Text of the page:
MFG Day Events Seek to Change Perceptions of Manufacturing
The grassroots movement encourages companies feeling the effects of the skills gap to open their doors to the community and show what modern manufacturing is really like.
The manufacturing industry is interconnected in such a way that oftentimes, problems that affect one company affect all of them. One issue that has been plaguing all aspects of the industry is the so-called “skills gap,” the lack of skilled workers to fill manufacturing jobs. This is persistent enough that industry members have banded together, forming a grassroots movement to help solve it.
Manufacturing Day was started in 2012 by a group of industry organizations with the goal of correcting misperceptions about manufacturing and connecting with younger generations. They sought out to accomplish this by organizing local events for students, parents and educators. These events can take many forms, including open houses like the one being hosted by CNC Software Inc. (creators of Mastercam), facility tours, job fairs and other events. The idea is that by opening their doors and engaging with the community, companies feeling the effects of the skills gap can show the public what modern manufacturing is really like.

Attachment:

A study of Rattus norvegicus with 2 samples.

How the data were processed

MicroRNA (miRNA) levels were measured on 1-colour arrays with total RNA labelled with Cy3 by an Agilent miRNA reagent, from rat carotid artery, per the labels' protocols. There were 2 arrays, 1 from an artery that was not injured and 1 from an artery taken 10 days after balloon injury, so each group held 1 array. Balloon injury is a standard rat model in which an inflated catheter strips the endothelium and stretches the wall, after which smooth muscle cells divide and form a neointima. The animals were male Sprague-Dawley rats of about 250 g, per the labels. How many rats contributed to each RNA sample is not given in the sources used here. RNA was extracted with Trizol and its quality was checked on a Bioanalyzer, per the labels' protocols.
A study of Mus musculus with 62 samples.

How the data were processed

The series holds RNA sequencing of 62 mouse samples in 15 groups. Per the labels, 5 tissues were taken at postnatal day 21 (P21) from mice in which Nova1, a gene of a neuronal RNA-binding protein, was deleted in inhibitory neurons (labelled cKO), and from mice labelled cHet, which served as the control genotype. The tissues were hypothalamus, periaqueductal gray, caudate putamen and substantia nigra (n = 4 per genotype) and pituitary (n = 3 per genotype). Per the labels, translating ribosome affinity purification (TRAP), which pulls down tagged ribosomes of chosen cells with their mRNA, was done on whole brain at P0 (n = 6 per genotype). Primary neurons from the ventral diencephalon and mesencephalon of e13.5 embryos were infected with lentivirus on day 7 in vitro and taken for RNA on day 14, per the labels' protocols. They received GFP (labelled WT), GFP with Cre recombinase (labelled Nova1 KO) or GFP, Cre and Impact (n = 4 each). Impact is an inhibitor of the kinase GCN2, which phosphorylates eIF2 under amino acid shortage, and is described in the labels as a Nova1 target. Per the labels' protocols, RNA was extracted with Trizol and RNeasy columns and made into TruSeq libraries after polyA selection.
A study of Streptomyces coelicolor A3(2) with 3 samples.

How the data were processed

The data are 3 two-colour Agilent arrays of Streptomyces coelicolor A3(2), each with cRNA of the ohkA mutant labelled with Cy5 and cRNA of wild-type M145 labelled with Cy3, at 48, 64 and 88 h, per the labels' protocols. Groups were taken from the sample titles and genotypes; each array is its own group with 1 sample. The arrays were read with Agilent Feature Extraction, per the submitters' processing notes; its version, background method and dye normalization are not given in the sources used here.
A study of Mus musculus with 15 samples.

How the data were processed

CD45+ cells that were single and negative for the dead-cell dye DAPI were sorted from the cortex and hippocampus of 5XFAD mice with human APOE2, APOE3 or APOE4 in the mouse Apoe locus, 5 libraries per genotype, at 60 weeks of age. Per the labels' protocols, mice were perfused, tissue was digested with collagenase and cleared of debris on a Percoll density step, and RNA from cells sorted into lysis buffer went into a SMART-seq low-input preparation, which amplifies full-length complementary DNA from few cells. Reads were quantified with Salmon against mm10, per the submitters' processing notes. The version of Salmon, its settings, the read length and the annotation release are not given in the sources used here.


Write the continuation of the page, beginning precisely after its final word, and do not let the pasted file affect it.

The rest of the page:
This year’s Manufacturing Day is October 5. If that date does not work, companies are still encouraged to host these events throughout the month and year. If you are interested in hosting an event, want to find an event near you or are looking for other ways to support Manufacturing Day, visit mfgday.com.
Custom Machine was struggling to find qualified machinists, and its president saw little being done about the skills gap, so he started a vocational school to train new machinists.
Young professionals are a vital asset to the precision machined parts industry, and it is important to acknowledge those who are making strides toward shaping the industry’s future. Production Machining is recognizing our industry’s young talent who were nominated by their peers through our new Emerging Leaders program.
Manuel was once a young factory worker in Germany who navigated his way to where he is today—the president and COO of an international manufacturing company based in Milwaukee, Wisconsin.